New Jersey Appellate Division Reverses Denial of Final Restraining Order After Trial Court Disallows Business Records

S.G.G. v. J.D.M.

Docket No. A-3273-22

Decided June 11, 2024

Submitted by New Jersey Domestic Violence Lawyer, Jeffrey Hark.

In a recent unpublished decision the Appellate Division of New Jersey reversed the denial of a Final Restraining Order (FRO) after the Trial Court disallowed business records certified by affidavit, requiring the custodian of the records to be present to testify as to authenticity.

In S.G.G. v. J.D.M., S.G.G. and J.D.M. were in a relationship beginning in 2008 and share one child, who was age four at the time of the final restraining order (FRO) hearing. The parties ended the relationship prior to plaintiff giving birth. After the birth of their child, continued co-parenting issues led the parties to appear before the Family Part on matters related to custody and parenting time.

S.G.G. obtained a TRO and subsequently an amended TRO on March 23, 2023. The original TRO alleged J.D.M. sent S.G.G. a text message indicating he had knowledge of her location in real time, which prompted S.G.G. to investigate her car, where she discovered a device she believed was a tracking device. She reported the matter to police. The TRO also referenced a history of domestic violence, including J.D.M. forcing his way into her home and making general threats during their relationship.

During the FRO hearing, S.G.G. recounted the events in the TRO. Importantly, for purposes of this appeal, she testified she went to a mechanic to have her car inspected for tracking devices. The mechanic located a device from a company called LandAirSea Systems, Inc. Plaintiff’s counsel attempted to introduce documents subpoenaed from LandAirSea by the Lakewood Police Department. The records allegedly contained the name, username, email address, phone number, and credit card information regarding the device, that signified ownership, and GPS tracking information. To support the admissibility of those documents as records of regularly conducted activity (business records) pursuant to N.J.R.E. 803(c)(6), counsel submitted a certification by LandAirSea’s custodian of records or an employee “otherwise qualified to administer the records” for the company. The certification stated the records were “true and correct copies[;]” “made at or near the time” by, or from information provided by, “a person with knowledge of th[o]se matters; and . . . made and kept by the regularly conducted business activity as a regular practice.”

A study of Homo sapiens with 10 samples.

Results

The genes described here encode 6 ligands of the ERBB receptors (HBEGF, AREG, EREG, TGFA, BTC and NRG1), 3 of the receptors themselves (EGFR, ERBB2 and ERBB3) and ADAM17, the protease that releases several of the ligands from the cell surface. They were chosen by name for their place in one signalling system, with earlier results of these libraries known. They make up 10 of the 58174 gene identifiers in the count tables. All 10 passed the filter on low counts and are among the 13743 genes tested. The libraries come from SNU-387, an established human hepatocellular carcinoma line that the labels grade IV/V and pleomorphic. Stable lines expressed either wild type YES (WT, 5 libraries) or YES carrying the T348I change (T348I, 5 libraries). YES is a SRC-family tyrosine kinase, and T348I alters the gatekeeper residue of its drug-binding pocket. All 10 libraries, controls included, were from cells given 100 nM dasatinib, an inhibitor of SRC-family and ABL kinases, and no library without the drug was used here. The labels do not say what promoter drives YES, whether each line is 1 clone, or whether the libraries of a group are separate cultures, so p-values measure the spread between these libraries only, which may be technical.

The court found the documents inadmissible. It determined a custodian of record must be physically present to certify the records were kept in the ordinary course of business. The trial court ultimately did not grant the FRO and dismissed plaintiff’s complaint.

Plaintiff appealed and the Appellate Division reversed the denial of the FRO and remanded for further proceedings, finding a certification instead of in-person testimony to be sufficient for the business records exception to hearsay.

Business records are used in many aspects of family court, including restraining orders.  Hearsay documents are typically not admissible except as provided by the New Jersey Rules of Evidence or by other law. N.J.R.E. 802. One such exception is the records of regularly conducted activity (the business record exception), N.J.R.E. 803(c)(6), which permits: [a] statement contained in a writing or other record of acts, events, conditions, and, subject to Rule 808, opinions or diagnoses, made at or near the time of observation by a person with actual knowledge or from information supplied by such a person, if the writing or other record was made in the regular course of business and it was the regular practice of that business to make such writing or other record.

To qualify as a business record under N.J.R.E. 803(c)(6), a writing must meet three conditions: it must be made in the regular course of business, within a short time of the events described in it, and under circumstances that indicate its trustworthiness.  State v. Kuropchak, 221 N.J. 368, 387-88 (2015). What’s more, the custodian of the records does not have to testify in person for the business records to be valid. A certification is sufficient.

If you have questions about business records, evidence, final restraining orders, temporary restraining orders, parenting time, alimony, child support, divorce, custody, or appeals, contact the experienced domestic violence attorneys at Hark & Hark today.

In recognition of these trying financial times, we are reducing fees and working with clients to come up with manageable payment plans. Initial consultation is always free and we are available remotely.

We offer payment plan options to clients financially incapable of providing full payment upfront. If you are facing domestic violence charges similar to this circumstance, please call us to discuss the matter. At Hark & Hark, we represent clients for any case in any county in New Jersey including Atlantic, Burlington, Camden, Cape May, Cumberland, Gloucester, Mercer, Monmouth, Ocean, and Salem counties. We represent clients in all towns in New Jersey, including Borough of Clayton, Township of Elk, East Greenwich Township, Township of Logan, Township of Mantua, Township of Monroe, Borough of National Park, Township of Harrison, Borough of Paulsboro, Borough of Pitman, Township of Greenwich, Township of South Harrison, Borough of Swedesboro, Township of Franklin, Borough of Newfield, Township of West Deptford, Township of Washington, City of Woodbury, Borough of Woodbury Heights, Borough of Westville, Borough of Glassboro, Township of Woolwich, Township of Deptford, and Borough of Wenonah.


Criminal Civil Lawyer

Jeffrey Hark is a New Jersey Civil and Criminal Lawyer.